Yesterday I was honored and humbled to attend the Maurice Sendak Memorial at the Metropolitan Museum of Art. First of all, I loved that it was at the Met. As one speaker noted, there was something lovely about the big Ms everywhere, for us they were for Maurice the artist as much as for the museum. One of many epiphanies I had listening to the wonderful speakers, music, and seeing the art was that Maurice Sendak was not only a seminal person in the world of books for children, but was one of the greatest American artists of the past 100 years. And so I only hope that before long this is recognized with an exhibit at the Met. Wouldn’t that be amazing?
On the screen was a lovely simple sketch of the young Mozart. It stayed there in between the other images until the end when it was replaced by the moving final image (also on the program above) of Jenny at the end of Higglety Pigglety Pop!. I cannot even begin to describe the wonderful speeches and presentations and just hope that they will be made available in some form in the near future. I did not take notes so the best I can do is provide the program below with annotations and then a few more links to other reports of this very special event.
- An excerpt from the documentary film Tell Them Anything You Want, directed by Lance Bangs and Spike Jonze.
- Michael Di Capua, Sendak’s longtime editor.
- Ali Bahrampour who was a Sendak Fellow.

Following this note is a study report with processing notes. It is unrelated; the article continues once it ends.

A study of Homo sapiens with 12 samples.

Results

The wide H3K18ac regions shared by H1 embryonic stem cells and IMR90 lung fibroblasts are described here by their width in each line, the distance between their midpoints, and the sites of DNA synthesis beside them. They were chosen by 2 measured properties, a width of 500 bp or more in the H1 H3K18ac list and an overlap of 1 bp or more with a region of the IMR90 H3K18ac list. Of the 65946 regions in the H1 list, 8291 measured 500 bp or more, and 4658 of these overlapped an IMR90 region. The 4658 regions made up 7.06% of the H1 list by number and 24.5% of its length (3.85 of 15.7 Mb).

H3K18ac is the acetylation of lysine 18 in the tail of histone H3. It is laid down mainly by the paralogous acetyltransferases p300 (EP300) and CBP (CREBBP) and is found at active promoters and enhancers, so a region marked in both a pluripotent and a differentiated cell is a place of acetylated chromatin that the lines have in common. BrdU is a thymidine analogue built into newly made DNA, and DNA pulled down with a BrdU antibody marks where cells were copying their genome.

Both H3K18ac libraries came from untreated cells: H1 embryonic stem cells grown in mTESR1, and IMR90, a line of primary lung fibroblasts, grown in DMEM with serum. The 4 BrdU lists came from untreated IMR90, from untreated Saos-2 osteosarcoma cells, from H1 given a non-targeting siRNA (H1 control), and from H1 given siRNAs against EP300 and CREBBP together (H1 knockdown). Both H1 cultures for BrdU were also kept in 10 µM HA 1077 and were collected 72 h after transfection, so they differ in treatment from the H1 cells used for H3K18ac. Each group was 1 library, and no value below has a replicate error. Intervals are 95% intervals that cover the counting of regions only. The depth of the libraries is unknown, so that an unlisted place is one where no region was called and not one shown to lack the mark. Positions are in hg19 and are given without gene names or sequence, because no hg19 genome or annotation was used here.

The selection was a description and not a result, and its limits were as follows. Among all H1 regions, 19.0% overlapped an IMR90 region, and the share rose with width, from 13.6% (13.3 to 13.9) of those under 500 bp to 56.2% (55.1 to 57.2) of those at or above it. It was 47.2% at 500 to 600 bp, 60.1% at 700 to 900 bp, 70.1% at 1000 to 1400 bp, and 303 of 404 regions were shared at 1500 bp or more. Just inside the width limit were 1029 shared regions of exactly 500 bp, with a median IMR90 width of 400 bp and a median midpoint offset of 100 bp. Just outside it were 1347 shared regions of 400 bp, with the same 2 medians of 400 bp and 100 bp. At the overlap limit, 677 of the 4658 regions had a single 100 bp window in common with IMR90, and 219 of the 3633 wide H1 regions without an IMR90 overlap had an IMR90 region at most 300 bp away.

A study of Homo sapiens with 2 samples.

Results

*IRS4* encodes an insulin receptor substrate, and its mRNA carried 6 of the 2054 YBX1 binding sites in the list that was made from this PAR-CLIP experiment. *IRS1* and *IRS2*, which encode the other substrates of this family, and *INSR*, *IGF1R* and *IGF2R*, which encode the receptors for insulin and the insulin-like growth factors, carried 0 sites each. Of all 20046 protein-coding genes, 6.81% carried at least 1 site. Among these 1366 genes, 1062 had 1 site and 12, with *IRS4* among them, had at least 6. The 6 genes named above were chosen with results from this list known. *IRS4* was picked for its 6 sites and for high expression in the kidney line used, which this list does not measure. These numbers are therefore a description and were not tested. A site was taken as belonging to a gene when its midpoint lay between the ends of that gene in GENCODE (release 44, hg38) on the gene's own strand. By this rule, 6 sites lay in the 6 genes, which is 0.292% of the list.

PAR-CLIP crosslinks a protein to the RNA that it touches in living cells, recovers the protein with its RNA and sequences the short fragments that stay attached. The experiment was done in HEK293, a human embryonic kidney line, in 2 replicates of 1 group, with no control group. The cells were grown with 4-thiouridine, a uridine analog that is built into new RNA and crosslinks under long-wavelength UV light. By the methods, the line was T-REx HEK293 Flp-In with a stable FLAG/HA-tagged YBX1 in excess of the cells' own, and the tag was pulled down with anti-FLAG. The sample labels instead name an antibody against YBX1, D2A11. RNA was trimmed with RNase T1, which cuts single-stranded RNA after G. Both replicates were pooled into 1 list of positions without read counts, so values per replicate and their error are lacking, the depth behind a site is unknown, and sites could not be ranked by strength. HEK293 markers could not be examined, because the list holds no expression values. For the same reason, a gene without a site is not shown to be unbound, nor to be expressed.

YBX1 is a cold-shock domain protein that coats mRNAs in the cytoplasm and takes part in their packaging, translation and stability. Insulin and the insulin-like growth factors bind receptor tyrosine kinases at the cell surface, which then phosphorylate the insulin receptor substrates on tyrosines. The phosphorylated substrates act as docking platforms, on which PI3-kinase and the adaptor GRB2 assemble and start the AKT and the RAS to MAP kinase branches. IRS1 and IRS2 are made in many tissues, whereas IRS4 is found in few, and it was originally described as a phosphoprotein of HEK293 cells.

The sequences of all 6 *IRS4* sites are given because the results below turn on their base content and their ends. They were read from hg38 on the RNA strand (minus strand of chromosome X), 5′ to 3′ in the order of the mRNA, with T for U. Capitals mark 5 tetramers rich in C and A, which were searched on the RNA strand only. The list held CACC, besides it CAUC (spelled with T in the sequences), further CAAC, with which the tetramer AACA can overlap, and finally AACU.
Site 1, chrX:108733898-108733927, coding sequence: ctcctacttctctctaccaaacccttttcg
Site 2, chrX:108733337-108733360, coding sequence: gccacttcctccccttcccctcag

- Art Spiegelman who spoke about a brilliant collaboration that he and Sendak did for the New Yorker.
- Illustrator Richard Egielski who did one of my all time favorite Cinderella variants, Ugh, written by Al Yorinks who was also at the memorial.
- “Welcome joy, and welcome sorrow” by John Keats, read by Brad Kessler.
- Judy Taylor Hough, his British editor, who spoke about some of what is also in this piece in yesterday’s Guardian. The bit about the mouse was almost unbearably moving.
- Jonathan Weinberg, connected through Sendak’s partner Eugene Glynn spoke of that part of Sendak’s, a part several other good book friends of his told me they’d never heard of before.
- “Abendsegen” from Hansel and Gretel by Engelbert Humperdinck, sung by the Spence School Chamber Chorus.
- Tony Kushner who organized the event.
- No-Nose by Maurice Sendak, read by Catherine Keener.
- Lynn Caponera, Sendak’s longtime friend and assistant was the final speaker.
- An excerpt from an interview with Terry Gross on National Public Radio’s “Fresh Air,” September 20,2011.
- Act Three, scene 2 Finale from Falstaff by Guiseppe Verdi, from Arturo Toscanini’s NBC radio recording, April 1, 1950 accompanied a glorious montage of covers from Sendak’s many, many, many books.